Nestled on a tree-lined street in Athens, the pale pink and white Maximos Mansion is the residence and office of Greek Prime Minister Kyriakos Mitsotakis. Located just off the famed Syntagma Square, and near the Presidential Mansion and Hellenic Parliament, the modest low-slung building is neoclassical in style, welcoming visitors through a portico with twin ionic columns.
The 1921 mansion has been the seat of every Greek prime minister since 1982, and it was in serious need of an interior overhaul by the time Mitsotakis took office in 2019, according to first lady Mareva Grabowski-Mitsotakis.
First Lady Mareva Grabowski-Mitsotakis among some of the art and furniture of the reception area, including an oval marble table from on.entropy and an untitled canvas by Apostolos Georgiou. Credit: Marco Argüello/AD
In early 2021, with Maximos Mansion seeing far fewer visitors due to the coronavirus pandemic, Grabowski-Mitsotakis decided the time was right for a restoration. She wanted to finish by Greek Independence Day on March 25, expecting they might be able to have a scaled-down ceremony, since the spread of the virus in the nation appeared to have slowed.
“(The Prime Minister) said, ‘You can do whatever you like, but it can’t cost the Greek state one penny,'” Grabowski-Mitsotakis recalled.
A rotating display
A team of volunteer curators and collectors helped Grabowski-Mitsotakis plan the upgrade of three rooms: a formal meeting room, a reception area dubbed “the living room,” and the Prime Minister’s office. The updated office features wood-paneled walls and geometric lighting fixtures by designer Michael Anastassiades, while the remodeled “living room,” where dignitaries are received, is an inviting white room overlooking greenery outside. The space houses modern furniture, including an oval white marble coffee table by the sister-led brand On Entropy, a blown-glass Soda table by Yiannis Ghikas, and leather and walnut chairs by Saridis of Athens.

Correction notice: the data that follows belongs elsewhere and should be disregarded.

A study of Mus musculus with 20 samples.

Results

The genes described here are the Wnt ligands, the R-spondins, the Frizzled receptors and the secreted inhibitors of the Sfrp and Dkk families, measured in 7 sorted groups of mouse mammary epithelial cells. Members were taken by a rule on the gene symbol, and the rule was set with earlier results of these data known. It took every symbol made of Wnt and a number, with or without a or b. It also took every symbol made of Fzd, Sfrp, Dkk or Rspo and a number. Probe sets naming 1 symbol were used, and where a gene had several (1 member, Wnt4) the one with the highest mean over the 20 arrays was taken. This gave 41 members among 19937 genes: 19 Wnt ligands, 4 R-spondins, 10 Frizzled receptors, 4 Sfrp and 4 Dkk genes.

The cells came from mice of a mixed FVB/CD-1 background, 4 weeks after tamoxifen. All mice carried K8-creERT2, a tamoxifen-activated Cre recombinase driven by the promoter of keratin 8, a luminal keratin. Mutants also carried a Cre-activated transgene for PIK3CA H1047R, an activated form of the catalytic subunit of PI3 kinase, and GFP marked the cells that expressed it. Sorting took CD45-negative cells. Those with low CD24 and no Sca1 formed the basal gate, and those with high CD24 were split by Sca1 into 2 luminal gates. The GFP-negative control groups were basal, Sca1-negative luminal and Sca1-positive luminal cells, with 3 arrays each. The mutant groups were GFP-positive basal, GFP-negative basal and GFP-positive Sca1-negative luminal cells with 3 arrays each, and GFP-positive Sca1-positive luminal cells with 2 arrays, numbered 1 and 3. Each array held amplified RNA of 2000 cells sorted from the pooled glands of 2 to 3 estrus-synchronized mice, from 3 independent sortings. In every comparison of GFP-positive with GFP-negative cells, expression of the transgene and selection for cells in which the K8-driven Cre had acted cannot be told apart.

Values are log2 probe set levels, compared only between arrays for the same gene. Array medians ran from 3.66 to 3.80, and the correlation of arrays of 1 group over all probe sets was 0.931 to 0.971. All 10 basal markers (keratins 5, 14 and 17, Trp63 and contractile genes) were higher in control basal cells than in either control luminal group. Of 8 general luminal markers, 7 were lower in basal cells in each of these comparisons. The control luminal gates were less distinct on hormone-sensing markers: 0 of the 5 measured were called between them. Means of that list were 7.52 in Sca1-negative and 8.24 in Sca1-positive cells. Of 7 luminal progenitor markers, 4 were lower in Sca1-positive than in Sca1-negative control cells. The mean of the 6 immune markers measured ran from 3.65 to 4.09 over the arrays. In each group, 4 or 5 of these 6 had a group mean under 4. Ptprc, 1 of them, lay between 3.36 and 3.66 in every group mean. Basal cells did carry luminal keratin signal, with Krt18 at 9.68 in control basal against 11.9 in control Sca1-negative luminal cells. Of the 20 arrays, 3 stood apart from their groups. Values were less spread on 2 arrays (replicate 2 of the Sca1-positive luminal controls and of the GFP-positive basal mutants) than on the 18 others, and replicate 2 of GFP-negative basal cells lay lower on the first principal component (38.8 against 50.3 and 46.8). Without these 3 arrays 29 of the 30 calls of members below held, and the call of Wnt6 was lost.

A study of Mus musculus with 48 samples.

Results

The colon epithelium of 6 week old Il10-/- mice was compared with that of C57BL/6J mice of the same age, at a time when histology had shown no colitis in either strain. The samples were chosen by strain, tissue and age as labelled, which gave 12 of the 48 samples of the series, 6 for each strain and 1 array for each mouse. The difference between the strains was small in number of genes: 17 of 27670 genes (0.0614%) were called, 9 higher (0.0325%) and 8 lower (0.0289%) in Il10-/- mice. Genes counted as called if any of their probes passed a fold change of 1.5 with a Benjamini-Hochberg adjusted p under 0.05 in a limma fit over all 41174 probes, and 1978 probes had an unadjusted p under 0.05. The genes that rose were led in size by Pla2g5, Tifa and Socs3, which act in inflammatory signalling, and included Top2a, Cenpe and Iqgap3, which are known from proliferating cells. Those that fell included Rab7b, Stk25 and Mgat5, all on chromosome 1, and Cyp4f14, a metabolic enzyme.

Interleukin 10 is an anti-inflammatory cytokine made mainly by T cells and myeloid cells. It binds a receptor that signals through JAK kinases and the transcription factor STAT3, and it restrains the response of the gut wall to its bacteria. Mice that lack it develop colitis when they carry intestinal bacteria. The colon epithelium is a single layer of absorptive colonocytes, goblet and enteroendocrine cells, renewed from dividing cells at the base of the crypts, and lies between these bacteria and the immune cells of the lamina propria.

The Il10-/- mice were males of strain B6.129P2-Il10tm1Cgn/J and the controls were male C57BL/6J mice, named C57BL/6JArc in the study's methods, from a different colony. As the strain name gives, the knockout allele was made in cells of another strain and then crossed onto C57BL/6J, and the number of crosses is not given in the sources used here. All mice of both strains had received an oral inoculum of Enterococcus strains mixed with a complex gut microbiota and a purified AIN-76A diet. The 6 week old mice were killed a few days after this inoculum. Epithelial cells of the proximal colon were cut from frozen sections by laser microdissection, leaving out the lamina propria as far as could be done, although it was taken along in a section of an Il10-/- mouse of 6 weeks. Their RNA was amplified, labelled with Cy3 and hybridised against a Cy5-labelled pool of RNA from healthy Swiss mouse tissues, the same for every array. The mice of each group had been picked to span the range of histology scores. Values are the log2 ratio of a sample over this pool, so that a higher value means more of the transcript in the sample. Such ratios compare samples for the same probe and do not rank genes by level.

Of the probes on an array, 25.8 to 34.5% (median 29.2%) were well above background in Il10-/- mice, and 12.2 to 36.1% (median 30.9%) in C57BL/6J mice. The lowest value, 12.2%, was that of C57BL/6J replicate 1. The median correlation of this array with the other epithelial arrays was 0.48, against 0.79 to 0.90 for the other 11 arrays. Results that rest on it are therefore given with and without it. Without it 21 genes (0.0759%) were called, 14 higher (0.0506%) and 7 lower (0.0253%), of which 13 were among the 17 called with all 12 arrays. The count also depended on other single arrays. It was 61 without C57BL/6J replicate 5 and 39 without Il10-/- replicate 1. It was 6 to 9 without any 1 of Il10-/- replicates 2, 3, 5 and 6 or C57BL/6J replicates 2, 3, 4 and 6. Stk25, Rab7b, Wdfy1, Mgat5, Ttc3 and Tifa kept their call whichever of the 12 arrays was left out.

In fact, each room is filled with art and design objects made by Greek artists and artisans, with many on loan from studios as well as private and institutional collections. Grabowski-Mitsotakis decided the restoration would “represent the Greek people” in addition to the country’s culture through a rotating presentation of these items.
The Neoclassical-style Maximos Mansion was designed in 1921 but had several purposes, including being used as a guesthouse for foreign dignitaries, before it became the residence and office of the prime minister in 1982. Credit: Marco Argüello/AD
“The idea is to change the art on display every two years so we can demonstrate the talent and craftsmanship of local artists,” she said, though she noted the boundaries they had to work within. “We’re not a museum; we have very limited space.”
The current display includes an acrylic-on-canvas painting, “Full Moon TH” by midcentury painter Yiannis Moralis, two photographs by 20th-century photographer Nelly’s, and the iron sculpture “Minotaur” by artist Alex Mylona. One wall of the living room is covered with a work consisting of two tufted tapestries that depict the verdant Samaria Gorge on the island of Crete and extend from the wall out onto the floor, anchored by fabric boulders. Titled “Hope the Voyage Is a Long One,” its creator is textile artist Alexandra Kehayoglou.
Grabowski-Mitsotakis explained that, while the new interior serves to embody Greek art and culture, it is personal to her and Prime Minister Mitsotakis as well.
“We are guardians of this place for a few years,” she told Architectural Digest. “My philosophy is: You might as well leave your soul in the places where you spent time. You have to love the places that represent you.”
Top image: The art and furniture of the “living room” in Maximos Mansion.